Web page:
I never had the tech chops to be part of the hacker culture, but as one whose living depends on collaboration and the sharing of ideas, I was struck by a recent post, "Walled Gardens vs. Makers," by Cory Doctorow, science fiction author, activist, journalist and blogger, and the co-editor of Boing Boing.
Doctorow begins the piece by reminiscing about how exciting it was when he was "a grub" and could gain "hidden knowledge" from fellow hackers–everything from how to fold an origami crane to how to shut down a Commodore PET by typing in a partiular address. Through his computer, and through books like The Whole Earth Catalog, Doctorow tapped into a community of socially-conscious thinkers who would later become the movers and shakers of the nascent Internet culture. As he writes:
The knowledge diffused slowly, and each newly discovered crumb was an excitement and cause for celebration.
Today, as a nearly senescent 39-year-old, I look back on that period with a kind of wonder and dismay. I knew ten interesting things I could do with the gadgets, devices, and materials around me, and I thought myself rich.
Doctorow likens his pre-internet wisdom to "book fanciers of the Middle Ages who might, in a lifetimes, amass five or ten books and think themselves well-read." Now he is part of a vast sharing culture:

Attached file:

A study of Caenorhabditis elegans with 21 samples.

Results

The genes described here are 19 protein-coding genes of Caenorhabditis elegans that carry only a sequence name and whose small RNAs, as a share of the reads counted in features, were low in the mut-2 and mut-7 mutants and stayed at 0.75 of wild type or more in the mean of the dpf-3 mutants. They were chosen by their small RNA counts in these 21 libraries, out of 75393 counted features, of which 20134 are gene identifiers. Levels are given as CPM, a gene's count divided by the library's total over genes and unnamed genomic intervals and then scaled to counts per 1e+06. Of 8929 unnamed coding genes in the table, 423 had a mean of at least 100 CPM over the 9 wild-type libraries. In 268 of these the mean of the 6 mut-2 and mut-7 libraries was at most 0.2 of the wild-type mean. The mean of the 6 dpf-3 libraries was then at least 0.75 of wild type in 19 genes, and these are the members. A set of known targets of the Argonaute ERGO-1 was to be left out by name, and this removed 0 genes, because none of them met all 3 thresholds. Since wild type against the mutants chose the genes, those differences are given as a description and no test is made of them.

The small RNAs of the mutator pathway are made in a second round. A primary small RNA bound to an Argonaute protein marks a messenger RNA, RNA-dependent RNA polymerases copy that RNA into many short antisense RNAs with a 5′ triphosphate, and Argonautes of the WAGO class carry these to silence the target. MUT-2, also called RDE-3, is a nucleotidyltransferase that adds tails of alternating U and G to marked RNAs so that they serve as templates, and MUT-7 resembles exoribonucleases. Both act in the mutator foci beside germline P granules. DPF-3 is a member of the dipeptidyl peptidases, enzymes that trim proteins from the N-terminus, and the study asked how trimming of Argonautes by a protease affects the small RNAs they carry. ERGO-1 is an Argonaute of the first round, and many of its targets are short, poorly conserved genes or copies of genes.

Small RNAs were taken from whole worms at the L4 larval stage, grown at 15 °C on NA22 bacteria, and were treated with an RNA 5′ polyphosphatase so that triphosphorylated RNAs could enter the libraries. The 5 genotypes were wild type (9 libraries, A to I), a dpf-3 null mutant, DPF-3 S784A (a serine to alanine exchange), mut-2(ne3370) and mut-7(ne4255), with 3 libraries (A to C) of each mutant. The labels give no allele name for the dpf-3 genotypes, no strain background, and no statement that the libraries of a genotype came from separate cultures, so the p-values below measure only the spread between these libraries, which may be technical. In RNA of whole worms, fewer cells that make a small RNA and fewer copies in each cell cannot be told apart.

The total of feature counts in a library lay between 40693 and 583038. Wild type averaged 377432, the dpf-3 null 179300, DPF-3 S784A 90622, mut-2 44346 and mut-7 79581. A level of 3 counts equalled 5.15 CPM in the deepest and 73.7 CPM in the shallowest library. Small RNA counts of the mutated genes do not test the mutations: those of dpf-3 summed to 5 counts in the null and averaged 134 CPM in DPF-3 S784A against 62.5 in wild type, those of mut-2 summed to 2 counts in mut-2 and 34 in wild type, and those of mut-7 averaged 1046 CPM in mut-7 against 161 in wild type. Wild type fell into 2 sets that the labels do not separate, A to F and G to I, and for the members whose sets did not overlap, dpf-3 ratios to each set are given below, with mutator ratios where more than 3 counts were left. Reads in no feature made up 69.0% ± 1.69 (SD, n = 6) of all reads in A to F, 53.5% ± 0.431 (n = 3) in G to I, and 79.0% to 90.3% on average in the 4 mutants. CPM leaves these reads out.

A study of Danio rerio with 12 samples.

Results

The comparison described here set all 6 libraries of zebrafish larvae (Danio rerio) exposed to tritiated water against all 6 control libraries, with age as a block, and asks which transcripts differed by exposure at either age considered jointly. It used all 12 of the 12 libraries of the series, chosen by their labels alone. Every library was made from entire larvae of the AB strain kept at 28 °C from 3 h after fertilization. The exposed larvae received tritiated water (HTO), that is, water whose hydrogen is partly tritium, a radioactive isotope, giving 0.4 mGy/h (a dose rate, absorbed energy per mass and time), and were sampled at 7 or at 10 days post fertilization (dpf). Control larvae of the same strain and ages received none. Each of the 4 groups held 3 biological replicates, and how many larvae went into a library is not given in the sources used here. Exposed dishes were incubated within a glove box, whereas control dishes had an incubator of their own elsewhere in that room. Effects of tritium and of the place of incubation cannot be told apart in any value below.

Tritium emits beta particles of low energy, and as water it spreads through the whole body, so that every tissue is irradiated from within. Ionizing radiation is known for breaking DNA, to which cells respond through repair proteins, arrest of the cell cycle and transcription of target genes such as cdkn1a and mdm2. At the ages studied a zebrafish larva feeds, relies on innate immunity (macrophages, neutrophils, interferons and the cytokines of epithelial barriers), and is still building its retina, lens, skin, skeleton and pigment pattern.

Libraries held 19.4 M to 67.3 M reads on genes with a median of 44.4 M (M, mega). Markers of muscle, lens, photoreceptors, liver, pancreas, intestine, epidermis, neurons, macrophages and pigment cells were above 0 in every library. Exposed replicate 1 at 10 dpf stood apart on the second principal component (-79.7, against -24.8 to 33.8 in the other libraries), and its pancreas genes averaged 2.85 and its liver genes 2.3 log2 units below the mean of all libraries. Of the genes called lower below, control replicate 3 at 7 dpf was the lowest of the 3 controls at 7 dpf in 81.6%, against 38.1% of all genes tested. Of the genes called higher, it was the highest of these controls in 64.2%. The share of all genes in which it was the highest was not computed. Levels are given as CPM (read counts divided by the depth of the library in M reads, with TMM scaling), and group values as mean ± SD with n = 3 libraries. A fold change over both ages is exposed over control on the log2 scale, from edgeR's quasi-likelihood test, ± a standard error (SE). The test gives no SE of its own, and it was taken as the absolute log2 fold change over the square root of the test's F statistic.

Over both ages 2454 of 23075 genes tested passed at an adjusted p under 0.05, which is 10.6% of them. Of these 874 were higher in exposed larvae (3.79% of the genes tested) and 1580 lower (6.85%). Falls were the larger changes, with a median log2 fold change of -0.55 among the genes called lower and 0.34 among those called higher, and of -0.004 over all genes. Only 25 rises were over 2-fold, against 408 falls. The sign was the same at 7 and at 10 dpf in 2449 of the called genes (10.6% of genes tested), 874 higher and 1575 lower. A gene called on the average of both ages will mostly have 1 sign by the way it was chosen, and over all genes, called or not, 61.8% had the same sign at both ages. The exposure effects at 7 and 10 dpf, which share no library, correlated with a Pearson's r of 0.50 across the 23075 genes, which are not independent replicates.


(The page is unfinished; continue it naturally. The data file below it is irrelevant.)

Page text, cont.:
When I invent or discover something, I immediately put it on the net. And when I find myself in a corner of the world that is not to my liking, I Google up some hack that someone else has put on the net and apply it or adapt it to my needs.
Making, in short, is not about making. Making is about sharing. The reason we can make so much today is because the basic knowledge, skills, and tools to make anything and do anything are already on the ground, forming a loam in which our inspiration can germinate.
Using Apple's rigid control over app developers as an example of a "walled garden," Doctorow fears that such practices will put us "back in the forbidden-knowledge Dark Ages — the poverty-stricken era in which a mere handful of ideas was counted as a fortune."
It's unlikely that any one of us can single-handedly stem the development of other walled gardens, especially when powerful economic interests work against us. But together we can continue to create (metaphorically speaking) community gardens in which we plant ideas, methods, constructions, opinions, chores, money, even lifestyle tips. By sharing, we all become richer.